The Center for Global Development and the LSE-Oxford Commission on State Fragility, Growth and Development will co-host a conversation with David Cameron, former Prime Minister of the United Kingdom, Donald Kaberuka, High Representative on the African Union Peace Fund, distinguished visiting fellow at CGD, and former President of the African Development Bank, and Jennifer Widner, professor of Politics and International Affairs at Princeton University and a member of the Commission on State Fragility, Growth and Development, to discuss the need for a new global approach to state fragility. The Fragility Commission, which Cameron and Kaberuka chair, will be launching its report, Escaping the Fragility Trap, which makes the case for urgent action and outlines recommendations for how domestic and international actors can do things differently.
The Fragility Commission, established under the auspices of the International Growth Centre, was launched in March 2017 to guide policy to combat state fragility. Promoting inclusive growth in fragile and conflict situations is now a key priority for development. State fragility drives some of the biggest problems in our world today: extreme poverty, mass migration, terrorism, trafficking, and more. Latest estimates suggest that by 2030 half of the world’s poor will live in countries that are fragile.
A second panel discussion will delve deeper into the challenges of economic policy management in fragile and conflict affected states. Sir Paul Collier, Professor of Economics and Public Policy at the Blavatnik School of Government (University of Oxford) and Academic Director of the Fragility Commission, will discuss the key takeaways from the Commission’s report. Charles Collyns, Director of the IMF's Independent Evaluation Office (IEO), will present the findings and recommendations of the recent IEO evaluation of the IMF's work on fragile states, and Amat Al Alim Alsoswa, former Minister in Yemen and former UN Assistant Secretary General, will discuss her experience tackling these challenges in Yemen and beyond.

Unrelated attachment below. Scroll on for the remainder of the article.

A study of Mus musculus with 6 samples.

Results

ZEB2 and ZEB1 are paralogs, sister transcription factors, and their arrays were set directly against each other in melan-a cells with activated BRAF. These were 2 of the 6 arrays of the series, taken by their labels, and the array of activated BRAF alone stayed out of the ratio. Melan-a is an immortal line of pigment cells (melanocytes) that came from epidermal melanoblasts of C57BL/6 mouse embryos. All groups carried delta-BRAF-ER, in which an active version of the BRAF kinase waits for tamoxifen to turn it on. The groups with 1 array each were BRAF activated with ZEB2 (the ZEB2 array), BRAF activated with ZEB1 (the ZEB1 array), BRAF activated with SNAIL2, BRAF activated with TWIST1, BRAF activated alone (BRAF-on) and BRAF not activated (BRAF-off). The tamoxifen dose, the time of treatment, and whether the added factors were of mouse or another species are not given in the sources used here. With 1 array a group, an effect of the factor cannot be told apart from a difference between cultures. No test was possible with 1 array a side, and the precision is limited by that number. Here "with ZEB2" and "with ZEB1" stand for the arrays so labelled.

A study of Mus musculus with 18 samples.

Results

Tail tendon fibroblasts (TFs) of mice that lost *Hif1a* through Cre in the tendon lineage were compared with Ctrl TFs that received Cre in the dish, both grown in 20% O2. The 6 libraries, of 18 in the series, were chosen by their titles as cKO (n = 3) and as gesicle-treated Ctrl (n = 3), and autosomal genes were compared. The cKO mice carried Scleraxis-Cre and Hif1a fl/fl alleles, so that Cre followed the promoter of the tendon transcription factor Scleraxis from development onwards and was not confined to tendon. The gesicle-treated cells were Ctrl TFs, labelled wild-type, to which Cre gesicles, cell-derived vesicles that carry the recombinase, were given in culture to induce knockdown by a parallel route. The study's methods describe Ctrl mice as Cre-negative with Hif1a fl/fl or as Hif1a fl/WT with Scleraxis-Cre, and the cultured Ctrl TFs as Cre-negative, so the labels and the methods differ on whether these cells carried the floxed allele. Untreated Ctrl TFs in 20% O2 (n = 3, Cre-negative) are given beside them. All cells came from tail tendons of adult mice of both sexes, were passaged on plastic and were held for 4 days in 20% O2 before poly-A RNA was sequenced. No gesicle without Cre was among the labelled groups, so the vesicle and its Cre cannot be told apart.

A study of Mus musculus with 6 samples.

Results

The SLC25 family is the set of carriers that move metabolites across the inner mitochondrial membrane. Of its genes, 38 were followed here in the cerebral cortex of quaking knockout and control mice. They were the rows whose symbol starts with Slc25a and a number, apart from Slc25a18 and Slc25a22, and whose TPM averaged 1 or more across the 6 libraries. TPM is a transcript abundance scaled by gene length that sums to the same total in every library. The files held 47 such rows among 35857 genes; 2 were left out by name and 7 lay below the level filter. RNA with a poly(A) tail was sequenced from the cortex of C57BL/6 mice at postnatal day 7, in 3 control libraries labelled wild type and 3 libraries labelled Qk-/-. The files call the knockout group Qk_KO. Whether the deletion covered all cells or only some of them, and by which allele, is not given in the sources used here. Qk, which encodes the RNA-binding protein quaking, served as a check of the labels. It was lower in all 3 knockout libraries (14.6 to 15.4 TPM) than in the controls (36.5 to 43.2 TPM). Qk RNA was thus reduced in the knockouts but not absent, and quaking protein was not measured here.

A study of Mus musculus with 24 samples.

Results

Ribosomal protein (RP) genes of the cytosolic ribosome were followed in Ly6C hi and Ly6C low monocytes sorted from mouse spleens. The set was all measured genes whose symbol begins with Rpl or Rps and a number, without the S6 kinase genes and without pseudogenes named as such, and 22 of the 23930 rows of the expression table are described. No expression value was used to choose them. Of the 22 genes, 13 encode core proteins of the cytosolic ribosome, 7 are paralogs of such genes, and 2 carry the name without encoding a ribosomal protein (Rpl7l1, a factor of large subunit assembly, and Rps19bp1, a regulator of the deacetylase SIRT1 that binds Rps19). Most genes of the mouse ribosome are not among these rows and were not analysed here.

Join us for a reception in advance of the 72nd World Health Assembly in Geneva, Switzerland.
This reception is an opportunity to learn about a proposed innovative approach to health financing while networking with other global health leaders. Per the high-level political declaration on the fight against tuberculosis, we are committed to mobilizing sufficient and sustainable financing for universal access to quality prevention, diagnosis, treatment and care of tuberculosis.
Industrialization was never an accident but an outcome of a well- crafted industrial policy. Analyzing the capacity and limits of the (developmental) state in the industrialization process and in economic development in general, Murat Yülek’s new book, How Nations Succeed: Manufacturing, Trade, Industrial Policy, and Economic Development, sheds light on how today’s governments can design industrial policy and how they can identify strategic sectors to break out of Low and Middle Income Traps. Explaining technical concepts in understandable terms, the book introduces a stylized industrialization process in four stages and locates different countries on the process map. He illustrates how picking-the-winner type industrial policies –a controversial issue among the economists –have worked in different countries. It also discusses how industrial policy and science, technology and innovation policies should be sequenced for best results. As trade wars and (pre-mature) de-industrialization become the zeitgeist of today, the book shows the links between global (im)balances and economic development explaining export-led growth as well as import-led slowdowns.
On the sidelines of the World Bank and IMF Spring Meetings 2019, the Center for Global Development (CGD) and the Bretton Woods Committee (BWC) will co-host this expert panel to discuss the future of the World Bank under its new president, David Malpass. What should top his agenda? What are the most important and urgent issues in the development landscape and what is the role of the World Bank in addressing these challenges? Join us to hear from this panel of global thought leaders offering recommendations for the future of the multilateral system.